Thursday, January 31, 2008

Sorry, No Discount

Last May, I went to a workshop to learn about pricing artworks, commissions, how to approach galleries and shops, etc., etc., etc. And the one thing I learned was a stern warning artists should never undercut galleries and shops and sell work directly at a lower price; it's against the artist's code of ethics, she said.

And the woman leading the workshop was a gallery owner.

I'm not sure how I feel about this.

If you see the relationship as a manufacturer/retailer relationship, from the retailer's point of view, this would be true. From the manufacturer's point of view, since we are not paying commission to the outlet, we could sell the merchandise at a lower price. From the buyer's point of view, this would be true, wouldn't it?

So when prospective clients want to come and visit my "studio", besides the fact that our place looks pretty hidious right now, (well, the garden looks hidious most times), I feel a little paranoid wondering how to say no if they ask for a lower price than in the gallery. That's what happened earlier this week; I gave her an ever-so-tiny discount.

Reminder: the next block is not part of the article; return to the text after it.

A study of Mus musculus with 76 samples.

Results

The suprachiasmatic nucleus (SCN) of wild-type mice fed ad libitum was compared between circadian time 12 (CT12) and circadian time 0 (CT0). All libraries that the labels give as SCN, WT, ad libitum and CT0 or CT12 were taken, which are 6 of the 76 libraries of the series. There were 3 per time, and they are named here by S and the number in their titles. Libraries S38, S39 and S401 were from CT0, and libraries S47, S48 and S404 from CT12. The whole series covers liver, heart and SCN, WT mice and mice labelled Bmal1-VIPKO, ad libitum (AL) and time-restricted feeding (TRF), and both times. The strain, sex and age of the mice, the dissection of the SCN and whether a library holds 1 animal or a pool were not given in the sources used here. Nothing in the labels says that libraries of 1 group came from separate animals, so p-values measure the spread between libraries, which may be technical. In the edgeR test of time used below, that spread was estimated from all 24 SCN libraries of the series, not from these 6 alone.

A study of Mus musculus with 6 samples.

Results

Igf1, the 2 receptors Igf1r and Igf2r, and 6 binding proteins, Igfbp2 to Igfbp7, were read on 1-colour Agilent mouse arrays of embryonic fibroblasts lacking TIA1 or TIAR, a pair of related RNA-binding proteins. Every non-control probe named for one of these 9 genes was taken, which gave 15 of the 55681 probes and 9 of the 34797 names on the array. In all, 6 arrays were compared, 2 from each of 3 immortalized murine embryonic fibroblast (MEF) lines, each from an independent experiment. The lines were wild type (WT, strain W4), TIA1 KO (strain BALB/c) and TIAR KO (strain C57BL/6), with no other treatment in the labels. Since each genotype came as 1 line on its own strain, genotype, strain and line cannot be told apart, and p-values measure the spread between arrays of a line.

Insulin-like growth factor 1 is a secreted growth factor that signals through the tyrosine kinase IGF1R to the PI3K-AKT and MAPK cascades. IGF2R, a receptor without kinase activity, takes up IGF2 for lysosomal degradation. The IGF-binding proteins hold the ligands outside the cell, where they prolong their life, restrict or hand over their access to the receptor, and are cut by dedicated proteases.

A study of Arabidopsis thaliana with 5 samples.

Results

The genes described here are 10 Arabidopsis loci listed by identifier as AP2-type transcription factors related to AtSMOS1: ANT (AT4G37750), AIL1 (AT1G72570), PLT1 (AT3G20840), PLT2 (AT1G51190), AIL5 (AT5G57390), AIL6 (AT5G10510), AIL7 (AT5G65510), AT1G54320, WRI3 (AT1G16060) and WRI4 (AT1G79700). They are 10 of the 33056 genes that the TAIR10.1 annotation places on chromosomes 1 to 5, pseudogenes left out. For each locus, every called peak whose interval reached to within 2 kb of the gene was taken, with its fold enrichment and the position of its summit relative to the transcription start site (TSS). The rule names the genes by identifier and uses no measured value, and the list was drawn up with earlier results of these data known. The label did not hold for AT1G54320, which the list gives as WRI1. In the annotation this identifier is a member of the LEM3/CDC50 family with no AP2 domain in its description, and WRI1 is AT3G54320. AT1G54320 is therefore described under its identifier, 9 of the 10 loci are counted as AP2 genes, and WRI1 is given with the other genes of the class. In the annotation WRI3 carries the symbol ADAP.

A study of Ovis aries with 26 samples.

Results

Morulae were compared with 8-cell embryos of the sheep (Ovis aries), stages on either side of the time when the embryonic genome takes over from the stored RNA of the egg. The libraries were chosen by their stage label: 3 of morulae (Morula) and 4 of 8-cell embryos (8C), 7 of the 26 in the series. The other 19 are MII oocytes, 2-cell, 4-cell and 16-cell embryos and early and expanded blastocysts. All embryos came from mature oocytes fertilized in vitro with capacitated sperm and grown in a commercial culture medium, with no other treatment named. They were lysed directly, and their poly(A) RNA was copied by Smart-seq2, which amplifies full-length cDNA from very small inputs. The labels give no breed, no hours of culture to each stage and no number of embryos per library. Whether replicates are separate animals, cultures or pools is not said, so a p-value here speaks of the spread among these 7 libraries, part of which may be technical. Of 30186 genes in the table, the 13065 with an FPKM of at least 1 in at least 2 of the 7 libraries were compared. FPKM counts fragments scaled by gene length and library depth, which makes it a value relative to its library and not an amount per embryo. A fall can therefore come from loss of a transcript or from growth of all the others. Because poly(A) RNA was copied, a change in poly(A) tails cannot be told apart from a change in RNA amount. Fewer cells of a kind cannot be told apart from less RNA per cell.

How do you work this out?

4 comments:

  1. The problem is that if you undercut the gallery, the gallery will drop you. And not only will the gallery drop you, you may well be black-listed at other galleries. So, if you need galleries as a venue for selling, don't undercut them; if you don't need them, then undercut them all you please. And, of course, if you sell tons without the gallery and win tons of awards, they will probably be fighting to get you anyway.


    Do people who visit you directly expect it, though? Over here, they do, because in their minds they are visiting the 'manufacturer'.

    Funny thing is, I don't hesitate to just spell out the gallery prices when it's a commission piece. It's only when I'm asked about the already made-up piece that I feel a bit mean.

    Yet another thing I need to get used to, Peg!